In re Tremont Securities Law, State Law, and Insurance Litigation (Elendow Fund, LLC v. Rye Select Broad Market XL Fund): The Heightened Pleading Standards for Securities Fraud Claims under the PSLRA
In In re Tremont Sec. Law., State Law, & Ins. Litig. (Elendow Fund, LLC v. Rye Select Broad Mkt. XL Fund), Master File No. 08 Civ. 1117, 10 Civ. 9061, 2013 BL 249529 (S.D.N.Y. Sept. 16, 2013), Plaintiff Elendow Fund, a small investment fund, filed suit against Rye Select Broad Market XL Fund (“XL Fund”), Rye Investment Management, Tremont Partners (“Tremont”), and other entities alleged to be directly and indirectly involved in the exchange of XL Fund investments (collectively, the “Defendants”) in an effort to recover assets lost as a result of the Bernard Madoff Ponzi scheme. Elendow Fund’s complaint made several allegations including securities fraud, control-person liability, and violations of various state-law provisions. The Defendants moved to dismiss and the United States District Court for the Southern District of New York granted the motion.
According to the allegations, XL Fund engaged in an investment strategy that entailed, among other things, investments in a fund managed by Bernard Madoff. Tremont allegedly “induced” Elendow Fund to invest in XL Fund through misrepresentations. Tremont’s alleged misrepresentations included statements about the investment strategy of the XL Fund. Tremont also allegedly misrepresented the due diligence that it performed on fund managers. Elendow Fund also brought claims for control-person liability.
Actions for securities fraud allegations are subject to the heightened pleading standards set out in the Private Securities Litigation Reform Act and Rule 9(b) of the Federal Rules of Civil Procedure. To meet these requirements, a complaint must identify “each statement alleged to have been misleading, the reason or reasons why the statement is misleading, and if an allegation regarding the statement or omission is made on information and belief, the complaint shall state with particularity all facts on which that belief is formed.” § 78u-4(b)(1). Furthermore, plaintiffs must also allege a “strong inference” of scienter. This requires allegations: “(1) showing that the defendants had both motive and opportunity to commit the fraud or (2) constituting strong circumstantial evidence of conscious misbehavior or recklessness.”
Elendow Fund argued that its complaint met the heightened pleading standard for securities fraud. The court, however, disagreed. The complaint did not “specifically and plausibly allege that Tremont actually knew that Madoff’s operation was a fraud.” With respect to the allegation that Tremont recklessly disregarded red flags, the court found that the complaint failed to sufficiently allege facts to establish that “the dangers posed by Madoff were so unmistakable that Tremont must have known that its representations were false.” The court further noted that Tremont recognized the risks and benefits associated with investing with Madoff, but nonetheless chose to continue doing so.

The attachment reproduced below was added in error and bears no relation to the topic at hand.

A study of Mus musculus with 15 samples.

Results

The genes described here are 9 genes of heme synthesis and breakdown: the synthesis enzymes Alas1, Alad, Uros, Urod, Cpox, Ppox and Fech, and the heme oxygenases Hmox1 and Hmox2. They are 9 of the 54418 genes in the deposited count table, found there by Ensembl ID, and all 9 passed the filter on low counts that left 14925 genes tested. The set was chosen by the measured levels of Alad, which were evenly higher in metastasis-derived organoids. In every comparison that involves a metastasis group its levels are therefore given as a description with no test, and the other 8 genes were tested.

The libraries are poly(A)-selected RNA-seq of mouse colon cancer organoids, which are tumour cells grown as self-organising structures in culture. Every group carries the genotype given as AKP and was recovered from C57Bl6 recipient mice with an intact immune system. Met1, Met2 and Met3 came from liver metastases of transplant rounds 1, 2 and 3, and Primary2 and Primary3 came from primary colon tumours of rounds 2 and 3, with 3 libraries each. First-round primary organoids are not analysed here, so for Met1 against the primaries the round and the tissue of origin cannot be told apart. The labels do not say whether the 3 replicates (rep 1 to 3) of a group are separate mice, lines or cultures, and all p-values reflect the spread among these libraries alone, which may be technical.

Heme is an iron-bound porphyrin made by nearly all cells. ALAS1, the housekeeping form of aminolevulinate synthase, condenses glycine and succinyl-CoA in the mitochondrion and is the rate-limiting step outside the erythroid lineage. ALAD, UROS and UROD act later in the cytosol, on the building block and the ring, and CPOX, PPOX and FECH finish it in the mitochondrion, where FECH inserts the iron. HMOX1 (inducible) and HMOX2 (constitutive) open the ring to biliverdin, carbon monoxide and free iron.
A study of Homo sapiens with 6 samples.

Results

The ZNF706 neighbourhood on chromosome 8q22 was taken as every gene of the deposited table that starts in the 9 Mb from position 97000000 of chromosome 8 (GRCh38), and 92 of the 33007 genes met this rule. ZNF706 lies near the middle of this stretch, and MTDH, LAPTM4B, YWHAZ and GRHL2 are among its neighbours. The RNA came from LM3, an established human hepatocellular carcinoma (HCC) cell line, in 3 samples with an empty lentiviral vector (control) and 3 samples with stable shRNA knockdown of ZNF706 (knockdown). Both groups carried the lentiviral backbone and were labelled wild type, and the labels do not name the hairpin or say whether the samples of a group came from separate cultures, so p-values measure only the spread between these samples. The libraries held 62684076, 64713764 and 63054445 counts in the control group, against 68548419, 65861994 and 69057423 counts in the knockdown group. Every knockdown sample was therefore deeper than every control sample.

The court also found that Elendow Fund’s allegations about Tremont’s due diligence were insufficient to plead securities fraud. Specifically, the court highlighted the fact that the complaint failed to sufficiently allege that some of the statements (the promise to perform “careful” due diligence posted on the Internet) were false. More specific representations about the level of due diligence in Tremont’s Form ADV failed because of the vagueness of the allegations. As the court reasoned:
This allegation might have been sufficient if, in context, it clearly referred to any specific representations. But this allegation appears, not alongside any allegations of actual representations, but in the formulaic recitation of the elements of count I of the complaint. In that context it is not clear what “statements described above” the allegation refers to. When an allegation couched in such generic language is completely separated from the substantive, factual allegations of the complaint, it is simply too vague to support an action for securities fraud under the applicable heightened pleading standards. Elendow Fund’s generic allegation that it relied upon such representations as those described in the complaint is simply not adequate to push its reliance allegation over the line from conceivable to plausible.
Accordingly, the court dismissed the securities fraud claim. In absence of a primary violation, the court also dismissed Elendow Fund’s claim for control-person liability. Additionally, the court dismissed all of Elendow Fund’s state-law claims.
Therefore, the United States District Court for the Southern District of New York granted Defendants’ motion dismissing Elendow Fund’s complaint in its entirety.
The primary materials for this case may be found on the DU Corporate Governance website.